Kenya is leading the way in sustainable travel, striking a delicate balance between local communities, tourists and conservation to ensure the wild stays wild for as long as possible. Here’s a look at four ways Kenya is making a difference, from a ban on single-use plastics to eco-lodges and elephant orphanages.
A crucial part of Kenya’s success is its conservancies. Areas of the country, such as Laikipia, have been divided into private reserves, often controlled by native landowners like the Maasai and Samburu, who generate income by offering small-scale safari experiences and leasing land to lodges. In turn, these reserves become a protected, biodiverse haven for animals, creating a successful symbiosis between wildlife, tourism and communities.
So, when you stay at camps like Mara Bushtops in Isaaten Conservancy, you’re directly helping to fund wildlife and community projects. The five-star tented camp offers luxury accommodation with a spa and pool, 24-hour butler service and hot tubs overlooking the animal-studded plains. Being on a conservancy means camps can run additional activities; at Bushtops, you can take night drives and walking safaris that aren’t permitted in nearby Maasai Mara National Park.
Working with communities
Kenya has learned that tourism simply isn’t sustainable without community support. Aside from conservancies, there are plenty of community-focused tourism programmes that generate income for local people. In Nairobi, for instance, you can visit the Go Granny Go! project, which helps grandmas set up pig farming businesses to support their families. During the tour, you’ll also get a unique insight into Kenyan culture as you make lunch with the women and listen to their inspiring stories.
Safari camps like Governors’ have worked with the community for decades. Not only do they provide employment opportunities for locals, they also invest in hospitals, schools and wildlife conservation programmes. When you stay at Governors’, a percentage of your money goes directly to the Maasai community of Mara Rianda, which you can visit on a respectful tour. Similarly, Kenya’s Porini camps fund conservancies like Selenkay in Amboseli, with each tent paying to protect 700 acres of habitat and around 95 percent of the staff hailing from nearby villages.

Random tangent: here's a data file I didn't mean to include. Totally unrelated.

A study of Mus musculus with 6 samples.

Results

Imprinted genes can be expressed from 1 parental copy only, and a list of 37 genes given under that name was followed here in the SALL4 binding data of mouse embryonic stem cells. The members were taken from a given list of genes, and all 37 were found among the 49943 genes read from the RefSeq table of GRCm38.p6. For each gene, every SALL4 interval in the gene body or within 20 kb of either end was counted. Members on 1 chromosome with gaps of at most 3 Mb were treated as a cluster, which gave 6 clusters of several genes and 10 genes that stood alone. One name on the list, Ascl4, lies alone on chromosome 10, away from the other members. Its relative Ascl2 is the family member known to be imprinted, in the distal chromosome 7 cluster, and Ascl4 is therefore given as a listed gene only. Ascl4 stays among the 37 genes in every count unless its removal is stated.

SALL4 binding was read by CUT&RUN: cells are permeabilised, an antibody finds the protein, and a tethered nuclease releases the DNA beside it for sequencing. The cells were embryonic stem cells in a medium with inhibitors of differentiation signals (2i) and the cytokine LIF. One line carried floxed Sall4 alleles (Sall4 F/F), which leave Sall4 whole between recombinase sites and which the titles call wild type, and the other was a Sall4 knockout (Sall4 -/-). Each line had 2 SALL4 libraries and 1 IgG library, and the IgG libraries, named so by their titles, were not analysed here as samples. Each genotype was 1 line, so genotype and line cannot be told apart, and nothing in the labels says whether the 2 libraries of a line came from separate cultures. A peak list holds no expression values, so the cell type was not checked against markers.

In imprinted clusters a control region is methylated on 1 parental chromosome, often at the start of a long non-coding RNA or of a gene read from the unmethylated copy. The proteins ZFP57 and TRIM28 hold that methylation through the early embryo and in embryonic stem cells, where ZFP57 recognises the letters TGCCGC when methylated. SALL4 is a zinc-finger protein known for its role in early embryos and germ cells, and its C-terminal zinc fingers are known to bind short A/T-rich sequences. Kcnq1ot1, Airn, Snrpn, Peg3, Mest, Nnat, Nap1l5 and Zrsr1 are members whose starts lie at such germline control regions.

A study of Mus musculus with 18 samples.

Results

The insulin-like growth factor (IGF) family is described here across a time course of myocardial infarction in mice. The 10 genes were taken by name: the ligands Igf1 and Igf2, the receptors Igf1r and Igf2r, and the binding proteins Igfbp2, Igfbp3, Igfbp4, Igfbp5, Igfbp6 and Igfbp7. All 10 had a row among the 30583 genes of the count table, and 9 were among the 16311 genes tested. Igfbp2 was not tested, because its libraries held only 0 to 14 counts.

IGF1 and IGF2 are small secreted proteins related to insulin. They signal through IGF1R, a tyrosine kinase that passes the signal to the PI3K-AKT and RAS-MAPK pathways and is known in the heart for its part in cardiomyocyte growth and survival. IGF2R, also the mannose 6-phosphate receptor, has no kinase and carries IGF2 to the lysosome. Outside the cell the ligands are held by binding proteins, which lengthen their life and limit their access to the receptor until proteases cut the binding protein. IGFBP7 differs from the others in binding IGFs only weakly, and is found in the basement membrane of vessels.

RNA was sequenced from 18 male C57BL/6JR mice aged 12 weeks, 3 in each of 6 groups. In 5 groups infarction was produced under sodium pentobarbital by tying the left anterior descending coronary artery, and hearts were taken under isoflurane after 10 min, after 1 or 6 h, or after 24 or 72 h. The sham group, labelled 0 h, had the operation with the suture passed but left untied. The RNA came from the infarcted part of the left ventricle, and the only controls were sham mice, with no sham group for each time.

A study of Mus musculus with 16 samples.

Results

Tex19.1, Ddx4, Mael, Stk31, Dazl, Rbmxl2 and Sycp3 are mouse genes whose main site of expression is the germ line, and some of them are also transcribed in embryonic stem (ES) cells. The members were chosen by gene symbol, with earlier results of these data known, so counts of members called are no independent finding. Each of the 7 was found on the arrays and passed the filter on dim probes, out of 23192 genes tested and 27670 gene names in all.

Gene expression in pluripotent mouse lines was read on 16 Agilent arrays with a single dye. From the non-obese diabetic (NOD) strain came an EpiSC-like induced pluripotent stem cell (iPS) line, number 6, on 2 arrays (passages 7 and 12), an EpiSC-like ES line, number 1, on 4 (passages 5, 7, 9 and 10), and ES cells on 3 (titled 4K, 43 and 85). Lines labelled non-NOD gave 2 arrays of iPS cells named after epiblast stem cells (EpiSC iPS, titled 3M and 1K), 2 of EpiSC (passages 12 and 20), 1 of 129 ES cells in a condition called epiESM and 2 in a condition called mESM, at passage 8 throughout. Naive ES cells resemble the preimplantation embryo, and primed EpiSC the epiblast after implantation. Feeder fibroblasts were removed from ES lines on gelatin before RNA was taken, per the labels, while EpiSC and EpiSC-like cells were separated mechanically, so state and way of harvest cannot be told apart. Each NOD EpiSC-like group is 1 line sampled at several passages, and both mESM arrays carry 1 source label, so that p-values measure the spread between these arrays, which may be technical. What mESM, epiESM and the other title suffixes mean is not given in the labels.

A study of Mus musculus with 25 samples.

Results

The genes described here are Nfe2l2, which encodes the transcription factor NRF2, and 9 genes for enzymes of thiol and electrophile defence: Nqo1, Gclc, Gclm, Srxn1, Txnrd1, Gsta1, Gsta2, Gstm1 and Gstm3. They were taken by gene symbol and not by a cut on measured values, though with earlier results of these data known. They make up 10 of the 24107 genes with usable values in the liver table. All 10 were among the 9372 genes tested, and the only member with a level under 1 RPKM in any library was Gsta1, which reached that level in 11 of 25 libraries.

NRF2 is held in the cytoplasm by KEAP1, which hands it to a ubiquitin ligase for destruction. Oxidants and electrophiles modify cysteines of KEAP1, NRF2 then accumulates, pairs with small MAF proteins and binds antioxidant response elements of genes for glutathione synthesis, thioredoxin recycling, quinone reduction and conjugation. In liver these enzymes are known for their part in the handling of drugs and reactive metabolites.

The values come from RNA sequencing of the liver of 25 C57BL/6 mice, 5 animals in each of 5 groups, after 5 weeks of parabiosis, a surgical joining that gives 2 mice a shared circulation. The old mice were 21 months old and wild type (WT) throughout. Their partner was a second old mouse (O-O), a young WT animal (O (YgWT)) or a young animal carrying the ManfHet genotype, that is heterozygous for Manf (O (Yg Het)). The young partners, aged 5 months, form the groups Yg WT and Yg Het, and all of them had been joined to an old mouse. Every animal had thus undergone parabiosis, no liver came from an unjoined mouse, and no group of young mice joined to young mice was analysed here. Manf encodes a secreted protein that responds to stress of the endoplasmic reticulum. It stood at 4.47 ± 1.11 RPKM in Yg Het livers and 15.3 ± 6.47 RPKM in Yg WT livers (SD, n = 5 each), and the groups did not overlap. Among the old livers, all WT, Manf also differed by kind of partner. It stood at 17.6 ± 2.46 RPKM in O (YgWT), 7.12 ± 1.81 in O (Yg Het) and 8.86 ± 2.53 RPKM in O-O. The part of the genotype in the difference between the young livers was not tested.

In 2017, Kenya imposed one of the world’s toughest bans on single-use plastic bags in a bid to clean up its cities and protect wildlife. In 2020, another landmark ban on all single-use plastic in conservation areas came into effect, including bottles, straws, containers, cups, cutlery and food packaging. As a result, many lodges, like Tawi in Amboseli, are now entirely plastic free and have introduced other green initiatives such as planting organic vegetable gardens.
On the Kenyan coast, lavish ocean-front resorts like Hemingways Watamu, which is set in a UNESCO-listed Biosphere Reserve, organise weekly beach clean-ups and have adopted eco-friendly water treatment facilities. Look for lodges with Gold Eco-Tourism ratings like Tawi and Loisaba Tented Camp. Both work hard to eliminate waste and use solar energy, as well as maintain habitat for wildlife.
Kenya has a stellar collection of sanctuaries and rehabilitation centres that play an essential role in protecting its iconic animals. The renowned Sheldrick Wildlife Trust in Nairobi runs the most successful elephant rescue and rehabilitation programme in the world. Visit to meet their baby elephants and rhinos; many have been orphaned by poachers and are later re-released into Tsavo East. You’ll also learn about their pioneering anti-poaching work, habitat protection initatives and mobile vet clinics.
Loisaba Conservancy in Laikipia provides a vital sanctuary for rare animals unique to the region, such as reticulated giraffes and endangered wild dogs, and has an anti-poaching progamme you can visit. At Ol Pejeta in Laikipia, you can meet the world’s last two northern white rhinos, who are protected around the clock on a 90,000-acre conservancy that was once a cattle ranch. Feed Baraka, the blind black rhino and spot around 30 southern white rhinos that have been brought back from the brink of extinction. Ol Pejeta is also home to the Sweetwaters Chimpanzee Sanctuary; set up in conjunction with the Jane Goodall Institute, it’s the only place in Kenya where you’ll see chimps.
Your journey will start with one of our UK team – someone like Becky, who's travelled extensively in Kenya. They’ll shape your ideas into the trip of a lifetime. But they won't do it alone. They'll draw on the expertise of our contacts on the ground, connecting you to the people who'll make your holiday one you'll always remember - the rangers who'll ensure you'll spot the best wildlife in the Mara, the village chiefs who'll give you a genuine insight into local life and the camp managers who can recommend the very best spot for your sundowner.